Simone Biles performs on the vault Tuesday.
Simone Biles performs on the vault during the Tokyo Olympics on Tuesday.
(Ashley Landis / Associated Press)

The words send shivers up the spine of nearly every gymnast.

The twisties.

It’s the mental block that causes gymnasts, even those at the top of their game like U.S. superstar Simone Biles, to lose control of their bodies while midair.

Biles, who cited mental health concerns after withdrawing from the women’s gymnastics team final and Thursday’s individual all-around final, mentioned getting “the twisties” during a vault that served as her only routine of the final team competition.


College gymnastics coaches salute Simone Biles for having the courage to withdraw from competition and demonstrate how to respond under pressure.

“It’s kind of like forgetting how to twist your body in the air,” former UCLA gymnast JaNay Honest said. “It’s really scary because when you’re doing a skill like Simone does … it’s really dangerous.”

In other sports, it might be called “the yips.” Similar mental blocks suddenly stop pitchers from getting the ball across home plate or keep basketball players from making free throws. But if a gymnast gets the twisties, the ramifications could be much worse than a missed shot or scorecard error.

“In our sport, we essentially dive into a pool [with] no water,” former Olympic gold medalist Dominique Moceanu tweeted. “When you lose your ability to find the ground — which appears to be part of [Biles’] decision — the consequences can be catastrophic. She made the right decision for the team & herself.”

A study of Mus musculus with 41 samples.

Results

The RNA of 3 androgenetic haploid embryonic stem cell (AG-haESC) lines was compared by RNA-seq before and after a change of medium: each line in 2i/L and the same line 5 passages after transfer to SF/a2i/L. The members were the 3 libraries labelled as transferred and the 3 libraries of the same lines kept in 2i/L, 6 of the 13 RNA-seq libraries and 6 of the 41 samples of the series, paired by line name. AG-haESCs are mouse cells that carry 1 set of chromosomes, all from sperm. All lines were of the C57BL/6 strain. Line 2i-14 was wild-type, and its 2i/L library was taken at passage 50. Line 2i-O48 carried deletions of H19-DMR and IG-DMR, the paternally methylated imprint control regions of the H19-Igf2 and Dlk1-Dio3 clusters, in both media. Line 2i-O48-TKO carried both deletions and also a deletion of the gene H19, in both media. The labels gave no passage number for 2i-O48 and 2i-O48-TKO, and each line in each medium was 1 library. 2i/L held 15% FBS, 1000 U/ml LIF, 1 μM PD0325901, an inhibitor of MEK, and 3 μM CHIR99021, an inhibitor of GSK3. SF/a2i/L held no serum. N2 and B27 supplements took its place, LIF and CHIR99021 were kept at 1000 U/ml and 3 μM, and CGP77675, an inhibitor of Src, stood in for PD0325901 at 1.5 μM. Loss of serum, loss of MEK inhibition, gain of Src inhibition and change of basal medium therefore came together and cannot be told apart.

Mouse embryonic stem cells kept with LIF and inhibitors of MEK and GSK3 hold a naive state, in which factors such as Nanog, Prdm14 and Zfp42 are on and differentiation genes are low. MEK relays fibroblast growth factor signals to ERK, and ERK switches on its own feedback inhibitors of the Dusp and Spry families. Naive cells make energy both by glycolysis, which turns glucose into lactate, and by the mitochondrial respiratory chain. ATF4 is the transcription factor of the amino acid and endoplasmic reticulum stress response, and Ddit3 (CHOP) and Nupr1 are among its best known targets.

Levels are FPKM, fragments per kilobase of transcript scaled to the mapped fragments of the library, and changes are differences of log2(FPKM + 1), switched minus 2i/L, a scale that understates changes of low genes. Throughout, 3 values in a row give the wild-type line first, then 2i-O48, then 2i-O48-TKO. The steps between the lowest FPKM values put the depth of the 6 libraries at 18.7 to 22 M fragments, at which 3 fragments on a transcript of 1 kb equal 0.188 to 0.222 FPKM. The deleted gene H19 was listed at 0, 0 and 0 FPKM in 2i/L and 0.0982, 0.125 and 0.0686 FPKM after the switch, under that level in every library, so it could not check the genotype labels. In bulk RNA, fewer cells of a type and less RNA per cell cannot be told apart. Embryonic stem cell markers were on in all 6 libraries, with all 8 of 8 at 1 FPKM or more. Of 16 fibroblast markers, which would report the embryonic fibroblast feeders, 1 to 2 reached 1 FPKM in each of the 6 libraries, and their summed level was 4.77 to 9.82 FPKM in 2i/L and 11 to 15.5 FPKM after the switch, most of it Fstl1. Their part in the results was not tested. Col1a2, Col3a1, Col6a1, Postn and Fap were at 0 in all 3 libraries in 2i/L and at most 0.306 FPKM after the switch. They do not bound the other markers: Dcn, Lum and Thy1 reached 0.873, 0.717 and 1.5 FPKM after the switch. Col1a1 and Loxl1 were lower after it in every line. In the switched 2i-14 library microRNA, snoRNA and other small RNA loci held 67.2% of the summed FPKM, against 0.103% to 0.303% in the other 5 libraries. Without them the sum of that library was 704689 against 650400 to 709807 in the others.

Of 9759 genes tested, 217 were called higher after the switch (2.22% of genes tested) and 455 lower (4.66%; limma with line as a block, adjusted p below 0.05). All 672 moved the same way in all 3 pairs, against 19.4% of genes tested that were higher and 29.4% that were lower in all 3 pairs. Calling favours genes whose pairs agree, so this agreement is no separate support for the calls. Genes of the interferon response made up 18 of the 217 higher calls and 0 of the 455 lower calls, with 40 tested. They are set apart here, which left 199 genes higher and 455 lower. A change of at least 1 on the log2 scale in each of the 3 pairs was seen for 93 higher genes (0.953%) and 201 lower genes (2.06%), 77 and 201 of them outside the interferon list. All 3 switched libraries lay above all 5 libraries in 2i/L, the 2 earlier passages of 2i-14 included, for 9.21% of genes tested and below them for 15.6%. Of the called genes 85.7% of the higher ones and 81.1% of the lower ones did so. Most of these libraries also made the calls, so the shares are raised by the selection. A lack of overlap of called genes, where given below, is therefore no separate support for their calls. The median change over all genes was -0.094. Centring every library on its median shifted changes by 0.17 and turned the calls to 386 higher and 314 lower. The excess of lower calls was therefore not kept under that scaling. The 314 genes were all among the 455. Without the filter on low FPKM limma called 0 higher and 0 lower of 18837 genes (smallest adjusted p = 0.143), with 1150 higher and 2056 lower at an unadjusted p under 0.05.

Biles pulled out of the team final after competing on vault, where she was scheduled to perform 2½ twists in the air but scored a 13.766 after completing just 1½ twists. Her score, which counted toward the team’s total, was more than a point lower than her qualifying score on the event. Without Biles, Team USA rallied to secure a silver medal.

U.S. gymnast Simone Biles pulls out of two events at the Tokyo Olympics because of mental health issues. Other athletes understand the struggle.

On vault, Biles flared her arms out and opened her twist early before landing in a deep squat. But as former Olympian Laurie Hernandez pointed out on NBC’s Peacock stream, Biles’ head was still turned to the side when she landed, signaling that she wanted to keep twisting. The mixed signals indicated that Biles briefly lost where she was in the air.


“There have been times where you walk into the gym and you’re not really in a good head space and you have to communicate to your coaches, ‘Look, I should not do gymnastics today,’” Honest said. “Because you just don’t feel safe.”

Honest, who helped UCLA to a 2018 NCAA team championship, said her case of the twisties resulted in her body doing unpredictable things. The 2016 Pac-12 uneven bars co-champion could have been intending to complete a double-back on floor — a backflip with two rotations in the air — but would instead land after one flip. Sometimes gymnasts twist when they don’t mean to.

Critics who say U.S. gymnast Simone Biles choked or quit don’t understand the pressure she faces and need to shut up, columnist Bill Plaschke writes.


Dismantling the mental block can be an arduous process. Oregon State gymnastics coach Tanya Chaplin said the team works with sports psychologists and its medical staff to coach gymnasts through the twisties. They question whether it’s the skill itself or outside forces and stress that compound the situation. Like Honest, they try to work around problematic skills, if possible.

When the body isn’t in position to complete difficult skills, it’s important to get the mind trained on basics again, said Honest, who is an analyst on Pac-12 Networks.

She used mental repetitions to help untwist her mind by imagining herself completing perfect skills over and over. When her mind was ready, then she could work physically by retraining skills into foam pits or on additional mats.